2. Most women do not take off 6 months per child. They take off about 10-12 weeks. And in the US, unlike in the UK, it is often not paid leave.

3. I think you need to be careful about using 'smooth' ways to justify sexism. There's no reason why, consistently and quantifiably, women are being paid less for doing the same jobs as men. The fact that they might, hypothetically, eventually have a child does not in the least bit justify why they should be paid less.

4. Statistically, women are actually higher achievers than men, in terms of grades in school, days they take off from work, productivity, and so on. And anecdotally, they're incredibly more pleasant to work with.

 

1. As in gender inequality can't be argued for on the same basis as racial inequality or religious (in some cases) or class inequality for the simple reason it is not an inherited trait that goes from generation to generation, like being from a minority is. Someone can't say "As a female growing up I didn't have the advantages a male household had" because in most cases women also have fathers and are exposed to the benefits their fathers are exposed to, where as in the case of racial inequality it is focused on an inherited trait. I was pointing out how compared to other forms of discrimination the struggles of a woman die and end with her, there is no actual successor to her struggle, and it should be treated as a special case.

 

2. Many however do stop work entirely once they have a child, and return at a later date. At the part regarding paid leave, that is irrelevant as obviously that will vary from place to place (and firm to firm).

 

3. Someone who had time of work due to having a child and other such responsibilities will have less work experience, will actually be behind on work and not up to date with things relative to their workplace and thus less productive, if it is a job where they can be just as productive regardless that is different. But in the case they are less productive and are not up to date with current work practice means they shouldn't be paid the same as someone else. The same goes for a man who takes off time for his children or for illness.

 

4. I never disputed women could be more productive then men, nor that they were higher achievers.

 

 

@ bold, no they do not match up. Even when controlled for every single factor, men still make more money than women do, performing the exact same work.

 

Also, in the U.S. there is no mandatory maternity leave, and women often go back to work within six weeks. In Canada we're luckier, we get six months of mat leave. The situation is much worse in America, the work culture and lack of benefits make it much harder to have children.

 

The studies on this vary. See: http://thenonpolitician.homestead.com/Economics/GenderPayGap.html

 

Sowell also did a study in 1982 that said in fact in many industries with factors controlled women earn more than men.

 

I will not deny there is some discrimination, but this discrimination would no doubt also extend to men in certain industries.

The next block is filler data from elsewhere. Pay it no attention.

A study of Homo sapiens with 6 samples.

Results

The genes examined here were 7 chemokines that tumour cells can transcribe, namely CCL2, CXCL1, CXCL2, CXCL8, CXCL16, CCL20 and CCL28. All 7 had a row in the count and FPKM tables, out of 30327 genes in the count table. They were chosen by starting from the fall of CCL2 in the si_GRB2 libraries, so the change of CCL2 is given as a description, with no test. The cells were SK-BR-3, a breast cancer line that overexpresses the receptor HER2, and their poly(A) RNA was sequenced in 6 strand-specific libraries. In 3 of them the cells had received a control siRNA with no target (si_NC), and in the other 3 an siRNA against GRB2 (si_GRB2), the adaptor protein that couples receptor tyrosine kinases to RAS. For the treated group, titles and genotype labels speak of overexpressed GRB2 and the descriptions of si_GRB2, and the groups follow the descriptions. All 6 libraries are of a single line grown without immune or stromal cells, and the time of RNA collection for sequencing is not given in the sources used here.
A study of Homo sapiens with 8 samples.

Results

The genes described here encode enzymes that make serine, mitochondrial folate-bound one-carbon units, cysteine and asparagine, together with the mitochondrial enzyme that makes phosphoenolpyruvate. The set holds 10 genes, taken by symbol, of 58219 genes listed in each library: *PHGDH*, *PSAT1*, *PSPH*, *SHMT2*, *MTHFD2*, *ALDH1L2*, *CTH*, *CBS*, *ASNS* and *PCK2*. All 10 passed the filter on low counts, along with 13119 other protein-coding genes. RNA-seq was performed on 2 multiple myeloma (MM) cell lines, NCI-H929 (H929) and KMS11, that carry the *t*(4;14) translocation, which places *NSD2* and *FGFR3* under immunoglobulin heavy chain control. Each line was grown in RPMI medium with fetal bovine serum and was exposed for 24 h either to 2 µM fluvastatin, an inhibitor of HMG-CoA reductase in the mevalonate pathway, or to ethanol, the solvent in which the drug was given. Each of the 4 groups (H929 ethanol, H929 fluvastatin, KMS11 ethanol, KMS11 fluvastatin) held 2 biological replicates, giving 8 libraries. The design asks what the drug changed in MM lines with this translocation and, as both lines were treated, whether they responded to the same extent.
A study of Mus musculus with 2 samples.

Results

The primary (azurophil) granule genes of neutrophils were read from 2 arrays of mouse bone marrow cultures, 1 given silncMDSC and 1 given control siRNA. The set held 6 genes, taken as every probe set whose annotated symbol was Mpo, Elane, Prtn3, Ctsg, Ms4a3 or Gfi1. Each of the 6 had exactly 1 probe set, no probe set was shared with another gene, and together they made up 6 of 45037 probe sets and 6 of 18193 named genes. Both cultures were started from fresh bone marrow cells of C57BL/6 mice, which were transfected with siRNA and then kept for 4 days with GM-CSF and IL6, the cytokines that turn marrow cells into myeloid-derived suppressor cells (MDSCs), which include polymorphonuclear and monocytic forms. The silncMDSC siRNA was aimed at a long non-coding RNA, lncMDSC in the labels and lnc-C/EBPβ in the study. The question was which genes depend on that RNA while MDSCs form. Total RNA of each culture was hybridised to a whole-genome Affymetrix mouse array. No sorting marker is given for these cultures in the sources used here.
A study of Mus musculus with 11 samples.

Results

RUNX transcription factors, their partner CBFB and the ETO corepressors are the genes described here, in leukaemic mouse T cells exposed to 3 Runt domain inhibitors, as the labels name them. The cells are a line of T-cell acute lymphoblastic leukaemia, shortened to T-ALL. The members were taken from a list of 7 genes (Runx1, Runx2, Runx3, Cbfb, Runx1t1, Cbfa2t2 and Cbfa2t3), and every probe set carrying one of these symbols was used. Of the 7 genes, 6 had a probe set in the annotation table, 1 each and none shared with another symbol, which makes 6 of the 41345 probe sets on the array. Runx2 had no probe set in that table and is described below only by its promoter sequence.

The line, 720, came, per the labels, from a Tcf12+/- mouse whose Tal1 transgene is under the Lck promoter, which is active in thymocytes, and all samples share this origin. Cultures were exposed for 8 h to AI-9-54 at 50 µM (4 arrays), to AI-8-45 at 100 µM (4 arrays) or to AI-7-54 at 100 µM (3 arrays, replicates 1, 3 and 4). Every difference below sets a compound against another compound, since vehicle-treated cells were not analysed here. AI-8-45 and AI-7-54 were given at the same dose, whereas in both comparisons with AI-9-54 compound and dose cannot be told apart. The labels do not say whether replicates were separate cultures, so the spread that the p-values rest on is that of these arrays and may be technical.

It doesn't economically make sense for two people doing the same job with the exact same qualifications to have different pay scales. Not to mention the Equal Pay Act of 1963 in the USA means any woman who feels she is being payed less for doing the same work with the same qualifications can sue her employer, unless the employer can prove reasons for pay discrepancy other than gender, in which it isn't gender discrimination.

But regardless of this it can't be forgotten that in other places in the world where gender discrimination is not prohibited peoples biases are by law allowed to play out, so yeah there are many places where there is a pay gap based just on sexism.


 

 

 

:yes:


Agree with exceptions to the rule, though there is strong evidence that suggests that there are real psychological differences between genders(generally) which are rooted in the neurological architecture of the mind, and that psychological differences are not mere social constructs. These differences have been observed even in children that are less than a week old (female children tend to look at people more, and male children tend to look at inanimate objects more). It is important to point out an individual should not be assumed to fit his gender 'type'. And most of us have brains that are somewhere in between a 'true' male or 'true' female brain (the former, it is suggested by a Cambridge professor who has dedicated many of his years to this research (Simon Baron Cohen), is the cause of autism). I would recommend, 'The Essential Difference: Men, Women and the Extreme Male Brain', if you are into this kind of stuff.


 

I will not deny there is some discrimination, but this discrimination would no doubt also extend to men in certain industries.

 

 

I just helped with a statistical analysis of women's pay in the non-profit sector. Without being too specific, we factored for things like how long the business had been running, how long they had been CEO & President (or whatever their title was), and so on. Women were making about 20% less, even after those things were factored in. That's a pretty significant difference--could be talking about 100,000 dollar difference when you take into account how much some of them are making. And these are OBVIOUSLY business-oriented women with incredible amounts of experience.



Also toplel on shave mychest hairs response.